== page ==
Start-ups push-up

| Tracy Hu 9 Jul 2018

Wendy Kok, founder and chief executive of Joint Association to Develop Entrepreneurship (J.A.D.E.), likens investors in start-ups to fish in a pond. "If the fish thrive, investors will jump in."

Kok, an industry veteran with 18 years of experience in private equity, venture capital and angel investment, says she expects the group to bring in international mentors, global investors, and investment values to Hong Kong, where the start-up community deserves more global attention and exposure.

"Start-ups in Hong Kong are sometimes overlooked by international-class investors when compared with their peers on the mainland," says Kok. "It may be caused by misunderstanding of those investors who see Hong Kong as a market from which one cannot go global."

Kok founded the group after relocating to Silicon Valley last year. The non-profit organization aims to build up the Hong Kong start-up ecosystem by elevating innovators and investors through cross-pollination with Silicon Valley practical experience and networking to re-ignite Hong Kong innovators' entrepreneurial spirit to bridge the unmet innovation gaps.

In the long term, she expects the association to facilitate experience, knowledge, networking, and technology exchange for the perpetual growth of the entrepreneur ecosystem.

"The aim was to foster the growth of local start-ups beyond incubation and seed-stage into scalable businesses," says Kok. The group also serves as a platform for entrepreneurs and investors to interact and share their insights but with a specific focus on crucial methods for startups to scale, including product-market fit, lean start-up methodology, artificial intelligence and deep learning, as well as to expand globally.

In May, the association held its first annual conference in Hong Kong, titled "Building Resilient Entrepreneurship." About 120 local entrepreneurs and incubators and venture capitalists came to share insights and connect.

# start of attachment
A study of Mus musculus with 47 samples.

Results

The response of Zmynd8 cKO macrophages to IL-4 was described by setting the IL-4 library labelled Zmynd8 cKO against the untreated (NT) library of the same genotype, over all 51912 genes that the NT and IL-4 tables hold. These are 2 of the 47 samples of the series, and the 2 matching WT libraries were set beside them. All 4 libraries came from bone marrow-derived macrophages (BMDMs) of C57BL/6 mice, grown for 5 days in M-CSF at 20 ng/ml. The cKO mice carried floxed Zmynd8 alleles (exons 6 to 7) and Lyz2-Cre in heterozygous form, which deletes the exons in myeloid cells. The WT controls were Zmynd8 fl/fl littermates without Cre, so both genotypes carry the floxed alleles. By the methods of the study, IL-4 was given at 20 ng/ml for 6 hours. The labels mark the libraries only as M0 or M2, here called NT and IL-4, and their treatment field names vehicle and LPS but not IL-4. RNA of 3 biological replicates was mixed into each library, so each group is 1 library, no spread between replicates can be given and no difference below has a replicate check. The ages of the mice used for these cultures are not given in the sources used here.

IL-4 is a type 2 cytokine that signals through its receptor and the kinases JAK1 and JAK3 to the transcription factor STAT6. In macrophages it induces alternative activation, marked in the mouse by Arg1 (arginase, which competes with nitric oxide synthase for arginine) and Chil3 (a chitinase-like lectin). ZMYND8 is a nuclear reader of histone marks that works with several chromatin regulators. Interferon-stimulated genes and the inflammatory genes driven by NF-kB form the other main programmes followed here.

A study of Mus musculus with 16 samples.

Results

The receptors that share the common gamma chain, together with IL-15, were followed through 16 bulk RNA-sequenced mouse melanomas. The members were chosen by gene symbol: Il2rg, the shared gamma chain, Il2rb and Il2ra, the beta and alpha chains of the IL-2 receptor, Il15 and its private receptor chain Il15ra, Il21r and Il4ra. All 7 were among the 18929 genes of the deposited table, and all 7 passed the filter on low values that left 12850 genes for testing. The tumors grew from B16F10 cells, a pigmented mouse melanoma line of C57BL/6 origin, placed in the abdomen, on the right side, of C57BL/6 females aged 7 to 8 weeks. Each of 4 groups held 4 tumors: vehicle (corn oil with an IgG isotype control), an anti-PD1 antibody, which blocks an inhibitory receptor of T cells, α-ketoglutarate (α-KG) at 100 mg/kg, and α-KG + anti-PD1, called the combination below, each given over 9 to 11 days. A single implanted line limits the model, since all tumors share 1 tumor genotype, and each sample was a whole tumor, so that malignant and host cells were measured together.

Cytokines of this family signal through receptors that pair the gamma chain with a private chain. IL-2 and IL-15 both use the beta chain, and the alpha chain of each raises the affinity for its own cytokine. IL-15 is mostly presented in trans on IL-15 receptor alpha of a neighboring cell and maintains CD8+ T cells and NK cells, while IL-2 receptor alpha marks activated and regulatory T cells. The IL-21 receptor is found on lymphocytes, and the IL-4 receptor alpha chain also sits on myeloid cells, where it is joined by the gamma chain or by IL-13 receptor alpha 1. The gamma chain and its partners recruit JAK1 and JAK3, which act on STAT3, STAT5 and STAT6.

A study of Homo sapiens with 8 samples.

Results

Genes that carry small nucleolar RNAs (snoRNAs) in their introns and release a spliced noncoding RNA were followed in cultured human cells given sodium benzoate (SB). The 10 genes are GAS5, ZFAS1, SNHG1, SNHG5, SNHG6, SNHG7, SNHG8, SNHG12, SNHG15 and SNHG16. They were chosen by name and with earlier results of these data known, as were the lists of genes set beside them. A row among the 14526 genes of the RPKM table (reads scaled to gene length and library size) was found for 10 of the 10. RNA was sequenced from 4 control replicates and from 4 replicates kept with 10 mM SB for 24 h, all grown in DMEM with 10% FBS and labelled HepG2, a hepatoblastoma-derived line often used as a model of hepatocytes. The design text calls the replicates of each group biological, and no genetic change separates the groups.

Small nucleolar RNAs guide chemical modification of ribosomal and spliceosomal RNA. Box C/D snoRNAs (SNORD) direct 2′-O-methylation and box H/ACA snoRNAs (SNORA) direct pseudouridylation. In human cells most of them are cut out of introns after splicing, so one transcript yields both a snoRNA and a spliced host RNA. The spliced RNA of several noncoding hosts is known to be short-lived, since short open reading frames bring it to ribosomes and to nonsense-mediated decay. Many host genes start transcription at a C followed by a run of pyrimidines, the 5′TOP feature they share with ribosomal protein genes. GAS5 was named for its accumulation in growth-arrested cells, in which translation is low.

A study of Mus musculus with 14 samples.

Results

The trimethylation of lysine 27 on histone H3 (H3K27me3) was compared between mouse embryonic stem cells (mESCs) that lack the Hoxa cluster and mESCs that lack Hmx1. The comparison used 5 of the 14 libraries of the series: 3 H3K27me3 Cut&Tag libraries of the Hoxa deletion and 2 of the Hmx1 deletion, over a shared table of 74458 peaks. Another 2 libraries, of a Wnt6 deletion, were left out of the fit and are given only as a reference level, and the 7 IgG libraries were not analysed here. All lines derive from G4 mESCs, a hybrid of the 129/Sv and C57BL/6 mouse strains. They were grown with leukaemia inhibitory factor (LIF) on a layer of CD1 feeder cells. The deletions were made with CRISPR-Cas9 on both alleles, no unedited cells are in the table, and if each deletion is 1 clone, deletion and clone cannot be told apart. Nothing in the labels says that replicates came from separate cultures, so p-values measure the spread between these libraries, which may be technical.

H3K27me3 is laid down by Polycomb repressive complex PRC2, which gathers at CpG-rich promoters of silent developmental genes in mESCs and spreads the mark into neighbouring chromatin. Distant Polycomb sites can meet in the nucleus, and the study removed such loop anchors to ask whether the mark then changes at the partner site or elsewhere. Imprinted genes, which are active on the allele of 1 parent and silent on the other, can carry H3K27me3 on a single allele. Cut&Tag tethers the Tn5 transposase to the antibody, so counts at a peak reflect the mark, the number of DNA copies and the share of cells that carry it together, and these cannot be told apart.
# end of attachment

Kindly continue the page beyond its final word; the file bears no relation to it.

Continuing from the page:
As a longtime investor, Kok says mentoring plays a vital role in the development of a start-up. "A mentor who has experienced the highs and lows of running a business is in the perfect position to give positive and soothing words of advice to you when things refuse to go your way."

Kok believes that the character of the leadership of a startup is the most important attribute when choosing a start-up. "The coachability and the willingness to listen to the advice of the team leader help me measure how much I believe the company can execute their innovations."

Hobert Wai, co-founder of the group and partner of Black Tiger Capital, says: "How the products can serve the society through commercialization is a top quality for me."

As an investor in the biotech sector, Wai says the global impacts and social responsibility of a product which can address unmet medical needs not only in developed nations are more than valuable.

When bracing innovation with AI, the two veteran investors advise local start-ups to focus on using AI to better link up the user interface and user experience of their products. Wai says start-ups should always consider how to use AI to fit the business model.